Most Westminster residents won’t see a big change when the city adds 13 full time employees later this year but City Manager Don Tripp said the new hires will make the city more efficient, more …
“What we are going to try and do is get everybody in our organization to think long-term more often and strategically more regularly,” Tripp said. “Government, by its very nature, tends to be very much in the here-and-now. Are we delivering the services today and do we have enough to fund the budget next year? But in the longer term, we need a plan to replace infrastructure.”
City Councilors approved a budget supplement June 24 meeting that adds about $350,000 to the city’s 2019 spending plan an an estimated $2 million per year going forward. That money is meant to come from the city’s sales and use tax revenues.
That will buy the city 13 new employees, mostly in city administration, and will kick off a department reorganization.
“This is an investment in assuring the sustainability of Westminster as a great city and ensuring we are able to maintain our high quality of life in changing times,” Tripp said.
The decision grew out of a 2017 financial sustainability report about city infrastructure needs.
“It reported back to us that we were several hundred million dollars short of funding all the infrastructure needs we’ll have over the next 20 years,” Tripp said. “It showed that we would not maintain enough revenue to do that. And by way, this is a problem most cities in American have right now — underfunded infrastructure — and we did not want to accept poor street, parks, municipal buildings and not enough public safety officials.”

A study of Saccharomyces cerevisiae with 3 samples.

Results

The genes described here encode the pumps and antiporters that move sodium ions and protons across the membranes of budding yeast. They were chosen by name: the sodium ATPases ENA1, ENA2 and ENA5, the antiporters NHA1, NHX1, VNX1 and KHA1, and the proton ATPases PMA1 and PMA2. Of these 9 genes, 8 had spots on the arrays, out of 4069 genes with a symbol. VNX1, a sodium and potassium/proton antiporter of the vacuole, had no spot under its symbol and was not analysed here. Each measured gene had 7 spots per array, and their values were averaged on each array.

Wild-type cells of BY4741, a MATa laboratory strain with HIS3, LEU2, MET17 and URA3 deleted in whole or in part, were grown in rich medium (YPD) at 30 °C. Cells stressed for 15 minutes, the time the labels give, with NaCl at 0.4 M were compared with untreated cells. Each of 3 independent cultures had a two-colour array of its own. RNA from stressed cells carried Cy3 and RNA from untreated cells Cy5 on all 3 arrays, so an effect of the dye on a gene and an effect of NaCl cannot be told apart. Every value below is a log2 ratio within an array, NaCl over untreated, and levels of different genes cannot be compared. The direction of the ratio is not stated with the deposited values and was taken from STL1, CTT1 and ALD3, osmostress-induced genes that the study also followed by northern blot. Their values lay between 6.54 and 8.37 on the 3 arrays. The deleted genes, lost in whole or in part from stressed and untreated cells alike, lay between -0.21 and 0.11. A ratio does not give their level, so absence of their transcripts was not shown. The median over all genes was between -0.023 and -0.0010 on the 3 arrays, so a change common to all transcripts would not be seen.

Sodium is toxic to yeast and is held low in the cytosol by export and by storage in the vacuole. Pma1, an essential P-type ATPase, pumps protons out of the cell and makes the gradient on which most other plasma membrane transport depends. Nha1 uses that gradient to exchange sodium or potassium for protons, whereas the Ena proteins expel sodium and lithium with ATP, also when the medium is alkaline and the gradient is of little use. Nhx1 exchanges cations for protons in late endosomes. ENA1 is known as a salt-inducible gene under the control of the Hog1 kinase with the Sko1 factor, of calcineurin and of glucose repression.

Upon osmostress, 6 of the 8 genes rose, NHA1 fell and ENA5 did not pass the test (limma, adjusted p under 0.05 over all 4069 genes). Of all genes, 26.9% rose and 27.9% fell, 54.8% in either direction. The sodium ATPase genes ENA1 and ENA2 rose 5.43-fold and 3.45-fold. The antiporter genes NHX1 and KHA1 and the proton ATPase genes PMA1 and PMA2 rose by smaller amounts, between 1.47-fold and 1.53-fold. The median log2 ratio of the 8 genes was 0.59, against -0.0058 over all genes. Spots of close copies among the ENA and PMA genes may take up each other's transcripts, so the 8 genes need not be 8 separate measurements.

Tripp said the city staff wanted to look at alternatives now, before it becomes a crisis.
“A lot of times, cities tend to not make changes or ask difficult questions until it’s a time of emergency,” he said. “We’re not in an emergency, and in fact we are in great shape — a time of prosperity. But I’ve been in that situation in other cities when we’ve been in an emergency.”
The changes include creating a new position in the City Manager’s office, a Chief Financial Officer as well as three policy and budget analysts. Plans call for combining the city’s current finance office with the budget office to create a new Department of Policy and Budget.
“That Chief Financial officer will run the financial strategies for the city, including all of our financial services operations,” he said. “It also adds a couple of positions in the area of innovation and will consolidate the existing communications in the manager’s office.”
The city also plans to improve their communications, both among staff and with the public with additions to the Community Development office. Those include a Communication and Outreach Coordinator, a lead graphic designer, two digital media specialists and a videographer.
“It really isn’t external communication wholly, it’s internal,” Tripp said. “It’s developing systems in our organization to help our departments become more collaborative and work to create a story about the things they share. There’s a lot of internal communication.”
It should lead to better external communication, too.
“We hope there’ll be a better understanding of issues coming forward from a policy basis,” he said. “For example, we’d like to improve the way we communicate the city budget. It tends to be pretty complicated now and our council packets can be several hundred pages.”
He hopes staff will be able create internet dashboards that will let residents see that information more clearly and quickly.
Another goal is to reduce overall bureaucracy by hiring another Deputy City Clerk. Currently, the city has two deputy clerks that assist the City Clerk.